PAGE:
Jersey States returns to virtual sitting after an hour

States Assembly Chamber entrance
Image caption,

Tuesday's meeting was the first where members all gathered in the States Assembly Chamber in 18 months

  • Published

Politicians in Jersey have returned to virtual sitting, just over an hour after meeting in person for the first time since the coronavirus pandemic began.

The proposal was put forward by Deputy John Young, who said some remained concerned about the risk to their health of gathering in the same room.

It was the first full meeting of the States Assembly in the Royal Court in 18 months.

Members expressed concerns over how fit for purpose the States Chamber was, with no room for social distancing or windows for ventilation.

There are currently 300 cases of Covid-19 in Jersey, external.

'Affect older members'

The proposal for a 45-minute suspension to allow for hybrid working was agreed 70 minutes after proceedings began at 09:30 BST.

Debate resumed at about 11:30 after members who wanted to return home were given time to log in online, while those who wished to continue to speak in the chamber did so.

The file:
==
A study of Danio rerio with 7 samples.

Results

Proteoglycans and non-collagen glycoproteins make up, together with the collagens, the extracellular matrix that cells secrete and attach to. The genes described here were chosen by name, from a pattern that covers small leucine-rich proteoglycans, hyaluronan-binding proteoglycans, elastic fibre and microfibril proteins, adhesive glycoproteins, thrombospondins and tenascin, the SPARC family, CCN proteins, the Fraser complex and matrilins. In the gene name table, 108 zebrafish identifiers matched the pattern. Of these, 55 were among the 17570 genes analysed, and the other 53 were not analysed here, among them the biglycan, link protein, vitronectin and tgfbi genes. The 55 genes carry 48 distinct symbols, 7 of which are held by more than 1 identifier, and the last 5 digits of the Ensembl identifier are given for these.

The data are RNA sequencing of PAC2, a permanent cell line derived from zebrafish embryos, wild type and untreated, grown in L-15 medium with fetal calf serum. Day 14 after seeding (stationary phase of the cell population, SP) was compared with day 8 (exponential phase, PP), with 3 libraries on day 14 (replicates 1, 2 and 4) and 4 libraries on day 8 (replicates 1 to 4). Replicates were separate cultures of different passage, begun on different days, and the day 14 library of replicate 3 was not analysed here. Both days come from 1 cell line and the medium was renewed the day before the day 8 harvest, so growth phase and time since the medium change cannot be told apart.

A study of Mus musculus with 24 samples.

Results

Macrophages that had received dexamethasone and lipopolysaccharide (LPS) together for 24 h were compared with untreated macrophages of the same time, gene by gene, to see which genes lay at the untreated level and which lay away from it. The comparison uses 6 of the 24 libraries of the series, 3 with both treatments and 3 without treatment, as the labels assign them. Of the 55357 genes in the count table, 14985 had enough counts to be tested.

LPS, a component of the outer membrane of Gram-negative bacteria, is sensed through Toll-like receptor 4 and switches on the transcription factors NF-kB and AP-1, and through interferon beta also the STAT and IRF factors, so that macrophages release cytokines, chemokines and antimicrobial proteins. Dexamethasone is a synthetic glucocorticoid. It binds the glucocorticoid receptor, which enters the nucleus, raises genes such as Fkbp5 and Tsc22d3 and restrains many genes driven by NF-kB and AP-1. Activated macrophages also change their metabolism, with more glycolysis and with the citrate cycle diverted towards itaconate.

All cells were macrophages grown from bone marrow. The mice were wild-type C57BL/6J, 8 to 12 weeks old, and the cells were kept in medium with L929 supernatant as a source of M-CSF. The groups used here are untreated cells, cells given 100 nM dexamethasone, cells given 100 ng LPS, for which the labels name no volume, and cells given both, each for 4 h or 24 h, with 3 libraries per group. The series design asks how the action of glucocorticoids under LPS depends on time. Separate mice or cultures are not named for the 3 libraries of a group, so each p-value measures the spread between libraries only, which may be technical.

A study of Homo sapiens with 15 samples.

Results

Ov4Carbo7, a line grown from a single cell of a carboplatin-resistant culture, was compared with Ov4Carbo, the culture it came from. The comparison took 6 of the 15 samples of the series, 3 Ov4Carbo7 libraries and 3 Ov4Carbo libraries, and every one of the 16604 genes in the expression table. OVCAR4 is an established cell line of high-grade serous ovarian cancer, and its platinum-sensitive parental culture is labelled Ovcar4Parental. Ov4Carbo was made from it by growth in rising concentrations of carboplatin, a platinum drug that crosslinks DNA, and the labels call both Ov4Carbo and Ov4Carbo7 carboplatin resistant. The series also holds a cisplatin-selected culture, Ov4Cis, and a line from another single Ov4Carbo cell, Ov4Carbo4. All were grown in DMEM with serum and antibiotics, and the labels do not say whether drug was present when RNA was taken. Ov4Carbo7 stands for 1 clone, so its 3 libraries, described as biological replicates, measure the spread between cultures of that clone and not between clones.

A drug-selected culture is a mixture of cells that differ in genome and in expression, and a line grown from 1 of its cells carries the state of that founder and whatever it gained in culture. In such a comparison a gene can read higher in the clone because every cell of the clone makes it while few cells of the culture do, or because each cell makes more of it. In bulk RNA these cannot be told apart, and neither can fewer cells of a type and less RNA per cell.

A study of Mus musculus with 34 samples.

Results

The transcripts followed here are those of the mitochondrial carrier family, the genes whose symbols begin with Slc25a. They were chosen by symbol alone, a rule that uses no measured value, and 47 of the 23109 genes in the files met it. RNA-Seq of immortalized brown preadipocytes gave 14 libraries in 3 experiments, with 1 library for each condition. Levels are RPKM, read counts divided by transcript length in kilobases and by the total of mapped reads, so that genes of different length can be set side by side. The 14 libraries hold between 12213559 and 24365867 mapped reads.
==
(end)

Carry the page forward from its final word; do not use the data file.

The plans were backed by a majority, with Mr Young describing them as a "sensible, practical arrangement".

He warned colleagues with vulnerabilities to Covid-19 should not be forced to choose "between performing [their] democratic duties" and their health.

Deputy Louise Doublet echoed these concerns, arguing continuing to sit in person "risks disenfranchising" higher-risk people in the assembly.

"This will disproportionately affect older members, those with disabilities ... and also those with caring responsibilities," she added.

Members returned with questions to ministers on Tuesday morning.

Discussions of delaying the appointment of a new States of Jersey Chief Executive until after the 2022 general election and changes to individual taxation rules are expected this week.